My friend bought a Brevis flip, for his XHA1...

Since we both have the same camera, i was going to buy some Nikkor primes, to compliment the purchase.
There's plenty of older lenses on the market.
That being said, i'm afraid of potentially buying the wrong ones..

I guess my biggest concern would be AI (auto indexing). It seems that the prices come down on these lenses without AI..This would be of concern to still photography of course.
Can sombebody explain that AI does, and how it would affect me?

Can i foresee any problems buying a lens with or without this feature?
Does this effect mounting on a Brevis?

If not, it'll save me some money buying all non-indexing lenses..

AI or non AI, provided the lenses are Nikon F-mount, should be okay and will behave identically as manual aperture lenses. Older lenses have an overhanging aperture ring. On the older style mounts like on Nikon FM2 camera they are okay.

On a newer style of mount, which has a shallower shoulder and wider shoulder diameter, some older lenses will bind in the mount because the overhanging ring is no longer a clearance fit. The aperture ring may jam.

Dennis Woods' Brevis flavour of the Nikon F-mount should be fine. It has the 1.7mm shoulder depth and narrower shoulder outer diameter of the older lenses of about 56mm. Newer lenses should mount up fine.

Newer digital series lenses are not suitable although they will fit up. They have the same mount but do not have any iris ring at all, being fully automatic. They also typically project a smaller image area onto the focal plane and may vignette in the corners, especially wide-angle lenses.

If you can get f1.2 or f1.4 lenses, try to do so. They will be more expensive but will give that bit of extra headroom you need for the sweet spot of the lens to be broader across apertures wider than f5.6, which is the accepted limit of groundglass adaptors before artifacts become evident. The Brevis is apparently claimed to do better than f5.6.

Watch out for older Nikons. They may have elements made of thorium glass and deteriorate over time with a yellowish tint due to radioactivity which alters the glass.

On the eBay, some vendors will post a front-on image of their lenses with a bright white background so that you can see if the light it passes is pure. Less scrupulous vendors may fake this so take care.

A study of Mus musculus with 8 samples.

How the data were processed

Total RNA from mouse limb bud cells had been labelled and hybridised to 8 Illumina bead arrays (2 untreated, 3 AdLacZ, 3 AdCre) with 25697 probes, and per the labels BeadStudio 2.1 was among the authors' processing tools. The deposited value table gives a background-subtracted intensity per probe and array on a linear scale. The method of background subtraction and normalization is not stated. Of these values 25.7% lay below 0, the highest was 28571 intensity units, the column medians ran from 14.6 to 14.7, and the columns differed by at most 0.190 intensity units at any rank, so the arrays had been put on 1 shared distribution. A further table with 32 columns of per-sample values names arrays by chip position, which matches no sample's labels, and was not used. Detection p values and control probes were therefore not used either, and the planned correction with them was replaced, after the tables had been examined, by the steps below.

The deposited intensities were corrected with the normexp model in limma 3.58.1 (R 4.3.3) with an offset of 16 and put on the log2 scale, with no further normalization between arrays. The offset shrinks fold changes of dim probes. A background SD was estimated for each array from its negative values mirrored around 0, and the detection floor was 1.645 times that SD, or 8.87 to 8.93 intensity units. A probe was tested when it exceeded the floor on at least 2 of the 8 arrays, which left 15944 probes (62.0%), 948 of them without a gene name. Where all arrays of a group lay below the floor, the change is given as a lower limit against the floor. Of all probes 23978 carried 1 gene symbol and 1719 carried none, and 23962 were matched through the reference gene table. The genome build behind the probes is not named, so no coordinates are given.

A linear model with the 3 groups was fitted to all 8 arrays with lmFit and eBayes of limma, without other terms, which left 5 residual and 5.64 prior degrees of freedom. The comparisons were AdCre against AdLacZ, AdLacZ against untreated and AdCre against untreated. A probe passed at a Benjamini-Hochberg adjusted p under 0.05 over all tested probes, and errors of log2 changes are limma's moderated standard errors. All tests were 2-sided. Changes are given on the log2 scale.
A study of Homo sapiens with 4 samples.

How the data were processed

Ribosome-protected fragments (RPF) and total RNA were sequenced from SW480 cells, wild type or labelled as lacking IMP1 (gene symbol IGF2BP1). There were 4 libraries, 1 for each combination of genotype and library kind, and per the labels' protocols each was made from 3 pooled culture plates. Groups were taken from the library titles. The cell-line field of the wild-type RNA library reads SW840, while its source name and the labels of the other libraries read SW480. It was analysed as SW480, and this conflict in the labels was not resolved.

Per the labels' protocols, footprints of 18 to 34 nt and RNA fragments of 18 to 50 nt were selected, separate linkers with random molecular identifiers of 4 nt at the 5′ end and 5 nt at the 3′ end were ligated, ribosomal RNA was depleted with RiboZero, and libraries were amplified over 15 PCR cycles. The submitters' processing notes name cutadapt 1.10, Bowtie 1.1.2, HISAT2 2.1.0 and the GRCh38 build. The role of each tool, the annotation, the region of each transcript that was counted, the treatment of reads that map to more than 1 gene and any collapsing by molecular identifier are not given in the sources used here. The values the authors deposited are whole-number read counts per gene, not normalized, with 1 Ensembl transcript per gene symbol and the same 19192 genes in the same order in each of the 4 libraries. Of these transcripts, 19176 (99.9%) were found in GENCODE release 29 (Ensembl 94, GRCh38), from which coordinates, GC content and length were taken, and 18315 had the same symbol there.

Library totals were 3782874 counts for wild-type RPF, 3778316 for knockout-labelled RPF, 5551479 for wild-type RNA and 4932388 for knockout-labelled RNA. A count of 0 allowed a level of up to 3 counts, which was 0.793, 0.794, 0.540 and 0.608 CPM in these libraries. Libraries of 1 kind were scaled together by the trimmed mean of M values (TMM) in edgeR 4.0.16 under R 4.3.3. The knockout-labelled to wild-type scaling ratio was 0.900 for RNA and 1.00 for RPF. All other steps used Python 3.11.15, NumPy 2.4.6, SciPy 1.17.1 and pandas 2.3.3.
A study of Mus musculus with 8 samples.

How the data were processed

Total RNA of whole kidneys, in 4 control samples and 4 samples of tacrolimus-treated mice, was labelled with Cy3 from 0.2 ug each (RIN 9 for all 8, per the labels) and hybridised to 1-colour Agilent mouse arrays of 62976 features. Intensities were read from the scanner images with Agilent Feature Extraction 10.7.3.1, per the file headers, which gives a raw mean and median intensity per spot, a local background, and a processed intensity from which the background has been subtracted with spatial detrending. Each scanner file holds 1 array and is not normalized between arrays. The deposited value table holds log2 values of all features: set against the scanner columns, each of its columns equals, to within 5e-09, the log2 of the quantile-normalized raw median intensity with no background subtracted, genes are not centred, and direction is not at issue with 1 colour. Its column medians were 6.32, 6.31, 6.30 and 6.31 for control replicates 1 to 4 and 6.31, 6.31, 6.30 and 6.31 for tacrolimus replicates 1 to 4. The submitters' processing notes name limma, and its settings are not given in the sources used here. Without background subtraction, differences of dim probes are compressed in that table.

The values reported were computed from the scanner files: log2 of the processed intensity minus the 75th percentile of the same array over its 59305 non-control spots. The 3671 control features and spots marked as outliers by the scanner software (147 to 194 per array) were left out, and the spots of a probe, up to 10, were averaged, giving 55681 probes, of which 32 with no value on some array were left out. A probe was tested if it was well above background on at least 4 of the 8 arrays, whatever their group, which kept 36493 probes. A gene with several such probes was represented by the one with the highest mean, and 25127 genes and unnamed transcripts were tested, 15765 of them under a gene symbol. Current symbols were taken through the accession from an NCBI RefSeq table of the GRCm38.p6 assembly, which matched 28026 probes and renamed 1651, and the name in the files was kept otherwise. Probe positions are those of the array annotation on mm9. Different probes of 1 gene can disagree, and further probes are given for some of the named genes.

Thank you Bob..

I enjoy reading your postings. It seems like everybody's jumped onto the DSLR bandwagon, and it's hard to find anybody that uses the 35mm anymore, or has any knowledge of mixing/matching equipment needs...

The DSLR bandwagon. Yes, there has been a jump but there are more people using adaptors than you might know. Call it a second tier of aspiring film-makers who are still enabled to the 35mm look as the used adaptors come on the market. Pickups for a short are going to be shot in my backyard this weekend using a SonyEX1/Letus Extreme.

"Dear Wendy", "Kandahar Break", "Merantau", "Monsters", all done with 35mm adaptors, the first three with P+S Pro35. The last one, with Sony EX3 and Letus Ultimate, looks dollars bigger than you would expect. It likely would not have been doable on the budget they had.

They all have the signature of groundglass relay if you know what you are looking for but average Joe Humble A Citizen would probably care less if the story is good. The behind-the-scenes material on the DVDs for all those titles is generous and informative for aspiring film-makers.

Dare I say it, a thank you to all the directors/DPs for sharing your tips.

I am still playing with the varifocal relay prototype. Dennis Woods is putting together a cinefuse groundglass which is more suited to the SI2K, so the experiments are not done just yet.

A TV feature drama from the UK, (unfortunately I forgot the name) and a TV documentary on Mary Queen of Scots also bore the signature. Again unless you are a groundglass relay shooter, you would not necessarily pick it. If the BBC was content to tack their name on as an entity, then it can't be too bad can it.

The future of course is going to be the new generation of small cameras like the Sony F3. Without projects like the SI2K, RED, 35mm groundglass adaptors of all flavours, the big players probably would not have moved from the standards of 1/3", for the homebody, 2/3" for the professional.

3D is the new gorilla. Commenters suggest that by the nature of how 3D should preferably be shot, we may well see a move away from accentuated selective focus back to deeper depths-of-field as the humble public begin to perceive, perhaps with a little marketing help, shallow depths-of-field as a past fad, an old style.

There was a time when the "reality" of deep depths-of-field and faster frame rates was being striven for against the limitations of the slower film stocks of the day.

I would like to think that for the low-budget film-maker, there is a broader palette of options to scribble all over. The real world dictates that there will always be a catch-up game going on. Traditional controlled action filmed drama may become as the operas and live theatre of yesterday, a benefacted niche.

Interactives and web based presentation is where it seems to be headed. There's going to be a lot of dross until the shakedown of a host of lesser aspirants sorts the gladiators down to a dominant few players.

If the world economy again goes into meltdown and socio-economic polarity becomes extreme across all nations, I suspect that live entertainment at a local level, may make a big comeback, be it pub bands, travelling minstrels or the like.

Last edited by Bob Hart; April 22nd, 2011 at 09:24 PM. Reason: error

Great post, Bob. Appreciate it.
Get the Free Comprehensive Guide to Rigging ANY Camera - one guide to rig them all - DSLRs to the Arri Alexa.